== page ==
The first day was really amazing because I was given a desk, and I was told that me and another guy had been taken on at the same time, and one of the lads in the office said I’d been described as the hardworking journalist who would bring some kind of proper sports reporting to the job. And the other guy was an ex-town planner, but quite a quirky character, who would bring some great ideas and have some flair.
And who was that?
That was Spencer Campbell. So we started on the same day – we ended up sitting opposite each other – and Spencer went on to do lots of things including documentaries and then went into drama and ended up producing Cold Feet. So, you know, we came from completely different backgrounds and he had some TV connections I think. But we were two completely different characters but we got on like a house on fire and we had to stick together because it was a really fearsome place to work.
In what way?
Basically, for one thing, we were following in certain footsteps. The previous person who’d sat at my desk was Paul Greengrass, who went from being a researcher in the sports department to working in documentaries and on World in Action, and then subsequently winning Oscars. We were left under no illusions that the guy who preceded us was, you know, a really good operator who was full of great ideas and you know, got things done. I think the key word there was ideas. Because Doherty (Paul Doherty, head of sport) expected everybody to come up with really great ideas all the time.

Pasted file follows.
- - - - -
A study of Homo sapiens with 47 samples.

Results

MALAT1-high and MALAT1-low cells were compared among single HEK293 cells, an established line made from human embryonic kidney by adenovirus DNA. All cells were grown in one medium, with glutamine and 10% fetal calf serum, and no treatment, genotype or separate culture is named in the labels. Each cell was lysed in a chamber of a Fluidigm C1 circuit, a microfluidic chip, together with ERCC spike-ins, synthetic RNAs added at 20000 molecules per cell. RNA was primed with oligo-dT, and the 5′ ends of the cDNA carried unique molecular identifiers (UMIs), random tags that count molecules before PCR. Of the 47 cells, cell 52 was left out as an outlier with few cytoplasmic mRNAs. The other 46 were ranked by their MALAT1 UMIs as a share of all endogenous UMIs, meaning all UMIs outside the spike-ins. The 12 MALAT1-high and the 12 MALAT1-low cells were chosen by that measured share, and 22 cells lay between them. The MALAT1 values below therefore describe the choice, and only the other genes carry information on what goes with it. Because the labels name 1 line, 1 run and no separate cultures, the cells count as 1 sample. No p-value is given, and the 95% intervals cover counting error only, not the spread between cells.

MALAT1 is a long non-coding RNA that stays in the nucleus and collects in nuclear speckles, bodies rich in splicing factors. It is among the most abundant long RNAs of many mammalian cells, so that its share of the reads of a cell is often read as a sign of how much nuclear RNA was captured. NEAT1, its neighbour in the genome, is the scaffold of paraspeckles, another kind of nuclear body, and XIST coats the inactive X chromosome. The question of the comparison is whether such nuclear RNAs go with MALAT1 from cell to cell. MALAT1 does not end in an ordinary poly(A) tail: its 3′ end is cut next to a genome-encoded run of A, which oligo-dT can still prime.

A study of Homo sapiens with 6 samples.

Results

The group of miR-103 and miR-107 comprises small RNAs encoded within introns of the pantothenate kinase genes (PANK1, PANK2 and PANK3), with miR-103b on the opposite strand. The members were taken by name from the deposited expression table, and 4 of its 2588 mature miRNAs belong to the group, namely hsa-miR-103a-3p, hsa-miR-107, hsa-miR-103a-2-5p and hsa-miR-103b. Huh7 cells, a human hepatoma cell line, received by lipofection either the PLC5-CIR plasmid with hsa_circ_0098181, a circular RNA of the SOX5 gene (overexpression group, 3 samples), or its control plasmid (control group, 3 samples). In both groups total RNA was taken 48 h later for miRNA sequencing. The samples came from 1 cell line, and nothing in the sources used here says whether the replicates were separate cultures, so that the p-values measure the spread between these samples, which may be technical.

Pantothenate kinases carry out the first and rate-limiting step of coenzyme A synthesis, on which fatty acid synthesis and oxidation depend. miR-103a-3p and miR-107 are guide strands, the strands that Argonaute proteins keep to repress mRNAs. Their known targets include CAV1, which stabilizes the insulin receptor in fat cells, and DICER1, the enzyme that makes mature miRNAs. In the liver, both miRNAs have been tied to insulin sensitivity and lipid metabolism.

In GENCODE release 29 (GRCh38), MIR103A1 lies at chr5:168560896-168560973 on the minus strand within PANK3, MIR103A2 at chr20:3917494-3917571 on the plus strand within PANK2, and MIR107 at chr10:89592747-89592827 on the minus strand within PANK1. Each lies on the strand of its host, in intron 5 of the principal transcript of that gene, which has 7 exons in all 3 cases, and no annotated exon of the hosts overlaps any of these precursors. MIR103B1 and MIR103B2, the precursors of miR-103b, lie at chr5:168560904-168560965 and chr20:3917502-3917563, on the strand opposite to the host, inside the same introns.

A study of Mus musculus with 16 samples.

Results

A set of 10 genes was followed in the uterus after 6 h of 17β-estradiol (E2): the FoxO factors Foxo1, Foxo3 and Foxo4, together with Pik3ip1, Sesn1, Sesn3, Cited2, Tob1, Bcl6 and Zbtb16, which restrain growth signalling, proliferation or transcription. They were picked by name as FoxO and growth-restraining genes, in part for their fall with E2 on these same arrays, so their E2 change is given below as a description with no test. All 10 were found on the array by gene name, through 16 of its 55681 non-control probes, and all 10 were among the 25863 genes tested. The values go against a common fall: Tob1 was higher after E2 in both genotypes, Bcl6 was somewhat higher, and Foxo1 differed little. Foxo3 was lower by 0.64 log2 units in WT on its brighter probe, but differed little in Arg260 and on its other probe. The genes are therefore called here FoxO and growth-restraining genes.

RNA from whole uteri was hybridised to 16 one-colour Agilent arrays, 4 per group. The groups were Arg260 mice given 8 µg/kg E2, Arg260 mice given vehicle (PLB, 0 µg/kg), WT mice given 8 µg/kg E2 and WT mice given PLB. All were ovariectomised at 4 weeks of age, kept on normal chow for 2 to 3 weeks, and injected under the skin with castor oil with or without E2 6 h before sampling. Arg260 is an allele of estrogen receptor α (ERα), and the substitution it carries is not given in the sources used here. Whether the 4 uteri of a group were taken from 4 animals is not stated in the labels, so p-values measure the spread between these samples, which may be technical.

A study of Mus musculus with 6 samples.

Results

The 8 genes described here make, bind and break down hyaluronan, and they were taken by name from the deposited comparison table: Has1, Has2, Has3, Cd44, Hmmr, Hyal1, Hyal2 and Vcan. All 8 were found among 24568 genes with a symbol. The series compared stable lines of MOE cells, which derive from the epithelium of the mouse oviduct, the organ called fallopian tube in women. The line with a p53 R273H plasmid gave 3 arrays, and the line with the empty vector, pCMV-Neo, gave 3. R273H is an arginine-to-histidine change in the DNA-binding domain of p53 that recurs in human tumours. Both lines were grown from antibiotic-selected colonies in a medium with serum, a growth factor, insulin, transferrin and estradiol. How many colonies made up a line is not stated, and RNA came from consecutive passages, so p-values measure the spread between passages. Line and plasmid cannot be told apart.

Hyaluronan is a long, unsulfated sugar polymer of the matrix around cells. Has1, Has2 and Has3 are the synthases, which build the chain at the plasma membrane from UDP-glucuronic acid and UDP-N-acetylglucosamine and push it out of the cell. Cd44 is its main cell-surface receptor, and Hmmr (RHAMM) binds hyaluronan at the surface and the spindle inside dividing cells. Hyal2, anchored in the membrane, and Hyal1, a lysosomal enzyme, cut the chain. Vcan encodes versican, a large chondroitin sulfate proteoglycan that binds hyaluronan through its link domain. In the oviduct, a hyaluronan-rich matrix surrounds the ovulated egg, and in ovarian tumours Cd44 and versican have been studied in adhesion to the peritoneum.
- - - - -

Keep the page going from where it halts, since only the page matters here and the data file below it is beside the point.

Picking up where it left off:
Where would the ideas go? What was the output? Was Granada doing live matches, or highlight programmes?
We were doing a football highlights programme on a Sunday afternoon and we were doing things like darts and snooker – there was nothing Doherty wouldn’t take on. If he thought something was going to be popular, he’d take it on. But the flagship programme was Kick Off, which was the Friday evening football preview programme, and Granada was the only region in the country at that time that did a football preview magazine programme. Nobody else did it, but because the North West had so many great football clubs…
There was a wealth of content to go at, and he drove it, like I’d never seen anybody drive anything before or since. He was relentless. And in terms of the type of programmes we did, the type of items we did in those programmes, the guests that were on those programmes, we were getting network guests. We would get the England manager, we would get Brian Clough. It wasn’t a case of, oh we’ll get somebody from Rochdale or Blackburn or Burnley – we were doing big stories. And it was very innovative, so just to give you an example, I remember one day we did a survey of the football grounds in the North West to see who had the best catering. And we actually had an Egon Ronay inspector who stood on the terraces and ate the pies, and then marked them and later came on the studio and discussed how awful some of the catering was at some of these grounds. This was completely ground-breaking stuff for a football programme.
The opening titles of Kick Off in 1978-80 when Don Jones joined Granada TV featuring presenter, Elton Welsby, can be seen here.